May 19, 1994

TIJUANA, Mexico (AP) _ In apparent violation of the North American Free Trade Agreement, American milk is being pulled off Tijuana grocery shelves.

Supermarkets in the border city began stocking American milk earlier this month, for the first time in recent memory.

But the plastic jugs were yanked soon after, banned by Baja California state officials who say they’re trying to protect their state’s crucial dairy industry.

The move to restrict U.S. milk appears to violate NAFTA, which eliminated import quotas, a U.S. Department of Agriculture official told the San Diego Union-Tribune newspaper.

Although NAFTA allows the exclusion of agricultural products under health regulations, restrictions to protect a domestic industry are not within its provisions, the official told the paper, speaking on condition of anonymity.

The official said Washington has not taken any action in this case and he was not sure whether it would.

The free trade agreement among the United States, Mexico and Canada went into effect Jan. 1, creating the world’s largest free trade zone.

The gallons of whole milk from a Yuma, Ariz., dairy, marketed under the name Sarah Farms, first popped up May 9 in the Calimax chain’s 18 Tijuana stores. The jugs sold for $2.34, slightly more than the $2.18 per gallon charged for milk from the Jersey dairy in Tijuana.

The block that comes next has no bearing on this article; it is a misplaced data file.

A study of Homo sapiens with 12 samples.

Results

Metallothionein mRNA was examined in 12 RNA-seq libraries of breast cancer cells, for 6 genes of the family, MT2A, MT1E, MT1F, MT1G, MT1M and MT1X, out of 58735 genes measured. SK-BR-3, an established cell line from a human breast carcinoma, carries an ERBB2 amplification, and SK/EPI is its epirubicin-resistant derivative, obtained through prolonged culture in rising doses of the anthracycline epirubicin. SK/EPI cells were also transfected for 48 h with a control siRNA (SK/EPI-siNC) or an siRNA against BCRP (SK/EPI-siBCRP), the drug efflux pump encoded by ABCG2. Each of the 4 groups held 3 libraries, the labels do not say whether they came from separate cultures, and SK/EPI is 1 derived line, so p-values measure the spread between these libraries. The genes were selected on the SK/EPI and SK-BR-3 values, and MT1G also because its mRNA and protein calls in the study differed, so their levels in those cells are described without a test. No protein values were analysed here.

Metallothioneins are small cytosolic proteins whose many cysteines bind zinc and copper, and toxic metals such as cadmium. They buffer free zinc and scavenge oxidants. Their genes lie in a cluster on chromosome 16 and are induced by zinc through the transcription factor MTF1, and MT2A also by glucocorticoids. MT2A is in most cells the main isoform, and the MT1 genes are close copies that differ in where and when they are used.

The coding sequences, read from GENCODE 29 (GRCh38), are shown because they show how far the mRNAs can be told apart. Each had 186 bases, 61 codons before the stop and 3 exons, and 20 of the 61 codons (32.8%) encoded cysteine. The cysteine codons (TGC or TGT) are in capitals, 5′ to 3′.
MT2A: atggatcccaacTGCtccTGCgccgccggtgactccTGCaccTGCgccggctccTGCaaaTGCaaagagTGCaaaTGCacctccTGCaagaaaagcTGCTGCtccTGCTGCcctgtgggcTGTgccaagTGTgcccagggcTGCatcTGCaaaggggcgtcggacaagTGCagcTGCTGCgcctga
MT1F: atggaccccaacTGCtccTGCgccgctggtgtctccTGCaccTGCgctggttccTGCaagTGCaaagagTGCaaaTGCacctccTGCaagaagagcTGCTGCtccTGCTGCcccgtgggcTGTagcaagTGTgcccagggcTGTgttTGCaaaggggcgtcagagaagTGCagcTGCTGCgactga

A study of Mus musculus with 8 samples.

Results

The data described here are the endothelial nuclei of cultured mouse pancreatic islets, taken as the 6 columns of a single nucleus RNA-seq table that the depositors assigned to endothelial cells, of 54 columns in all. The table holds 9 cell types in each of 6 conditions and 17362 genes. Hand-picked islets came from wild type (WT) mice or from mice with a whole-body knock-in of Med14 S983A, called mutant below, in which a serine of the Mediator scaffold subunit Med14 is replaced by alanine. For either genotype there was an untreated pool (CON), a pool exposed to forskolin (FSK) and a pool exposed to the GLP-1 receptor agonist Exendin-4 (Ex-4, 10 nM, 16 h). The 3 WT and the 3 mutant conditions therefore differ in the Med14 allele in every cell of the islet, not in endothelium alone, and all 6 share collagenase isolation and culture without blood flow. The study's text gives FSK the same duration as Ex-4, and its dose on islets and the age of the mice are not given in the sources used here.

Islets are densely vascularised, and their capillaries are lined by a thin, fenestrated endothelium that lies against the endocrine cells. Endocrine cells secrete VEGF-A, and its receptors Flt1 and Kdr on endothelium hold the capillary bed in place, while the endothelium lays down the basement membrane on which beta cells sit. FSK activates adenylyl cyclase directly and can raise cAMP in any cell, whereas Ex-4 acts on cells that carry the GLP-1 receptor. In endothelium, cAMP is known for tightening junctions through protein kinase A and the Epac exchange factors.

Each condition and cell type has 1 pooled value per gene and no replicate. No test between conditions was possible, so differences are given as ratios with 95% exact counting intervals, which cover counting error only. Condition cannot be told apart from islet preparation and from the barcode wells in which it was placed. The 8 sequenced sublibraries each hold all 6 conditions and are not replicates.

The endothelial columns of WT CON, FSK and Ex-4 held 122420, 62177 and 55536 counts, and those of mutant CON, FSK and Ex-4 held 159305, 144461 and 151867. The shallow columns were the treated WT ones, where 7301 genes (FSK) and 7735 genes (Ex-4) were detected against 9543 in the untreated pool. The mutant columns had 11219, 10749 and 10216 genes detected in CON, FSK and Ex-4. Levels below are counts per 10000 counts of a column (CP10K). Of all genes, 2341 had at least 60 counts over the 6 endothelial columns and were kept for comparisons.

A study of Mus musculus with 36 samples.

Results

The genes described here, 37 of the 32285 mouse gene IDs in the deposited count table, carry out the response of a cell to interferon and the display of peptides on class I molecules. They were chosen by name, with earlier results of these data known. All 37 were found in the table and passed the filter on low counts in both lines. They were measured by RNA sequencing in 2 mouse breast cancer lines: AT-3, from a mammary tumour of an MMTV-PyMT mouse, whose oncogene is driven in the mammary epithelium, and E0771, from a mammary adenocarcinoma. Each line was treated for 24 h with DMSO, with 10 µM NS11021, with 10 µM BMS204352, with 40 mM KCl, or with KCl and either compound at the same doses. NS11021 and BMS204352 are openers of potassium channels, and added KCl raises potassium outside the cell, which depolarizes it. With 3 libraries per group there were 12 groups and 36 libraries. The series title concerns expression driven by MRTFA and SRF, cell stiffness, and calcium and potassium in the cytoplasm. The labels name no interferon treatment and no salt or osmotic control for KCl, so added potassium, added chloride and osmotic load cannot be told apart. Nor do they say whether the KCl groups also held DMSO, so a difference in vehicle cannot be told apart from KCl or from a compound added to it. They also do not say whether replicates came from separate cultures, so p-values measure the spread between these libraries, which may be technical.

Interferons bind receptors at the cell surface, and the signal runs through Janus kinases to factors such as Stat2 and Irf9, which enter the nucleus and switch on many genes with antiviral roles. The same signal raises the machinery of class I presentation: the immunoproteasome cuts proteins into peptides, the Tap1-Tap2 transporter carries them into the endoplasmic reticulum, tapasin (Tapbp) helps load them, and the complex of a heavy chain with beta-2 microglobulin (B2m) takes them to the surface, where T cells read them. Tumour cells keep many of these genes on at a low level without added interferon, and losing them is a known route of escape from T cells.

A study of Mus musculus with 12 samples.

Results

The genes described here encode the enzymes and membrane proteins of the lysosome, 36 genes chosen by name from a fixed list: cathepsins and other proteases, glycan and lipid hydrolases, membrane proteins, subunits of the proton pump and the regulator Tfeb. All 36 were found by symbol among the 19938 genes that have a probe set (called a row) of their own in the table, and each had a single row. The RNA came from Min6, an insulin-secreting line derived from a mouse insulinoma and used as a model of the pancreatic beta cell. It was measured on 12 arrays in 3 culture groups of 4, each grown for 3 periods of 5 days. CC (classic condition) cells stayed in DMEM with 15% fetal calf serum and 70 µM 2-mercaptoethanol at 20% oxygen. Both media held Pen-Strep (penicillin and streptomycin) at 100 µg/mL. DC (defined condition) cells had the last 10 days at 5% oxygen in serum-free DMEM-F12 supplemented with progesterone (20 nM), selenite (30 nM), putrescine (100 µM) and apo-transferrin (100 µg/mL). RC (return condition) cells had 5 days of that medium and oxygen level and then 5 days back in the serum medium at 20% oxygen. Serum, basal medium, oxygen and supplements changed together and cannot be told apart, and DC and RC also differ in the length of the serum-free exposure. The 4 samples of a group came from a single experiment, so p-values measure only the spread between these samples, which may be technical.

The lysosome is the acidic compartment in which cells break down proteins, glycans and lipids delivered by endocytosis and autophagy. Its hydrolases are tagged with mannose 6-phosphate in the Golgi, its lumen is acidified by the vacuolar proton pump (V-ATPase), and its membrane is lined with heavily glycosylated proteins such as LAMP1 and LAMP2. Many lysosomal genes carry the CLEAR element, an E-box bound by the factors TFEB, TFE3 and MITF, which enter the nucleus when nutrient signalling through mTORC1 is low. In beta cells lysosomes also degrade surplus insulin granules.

Calimax was told it had committed a technical violation by not obtaining a state permit for the milk, but state officials concede they are reluctant to grant the permit.

″The state government is very concerned about protecting the jobs and the economic benefits that the milk industry generates,″ said Jose Manuel Salcedo Sanudo, undersecretary in Baja California’s department of agricultural development.

Milk producers in Baja California say 120,000 people are employed in the state’s dairy industry, either growing alfalfa for cows, raising cows or processing milk.

The United States exports milk to all Mexican border states, including Baja California, but no one had tried to break into the Tijuana market before.

Tijuana is the biggest Mexican city along the U.S. border, and the import of American milk for Tijuana consumers could seriously hurt domestic milk producers.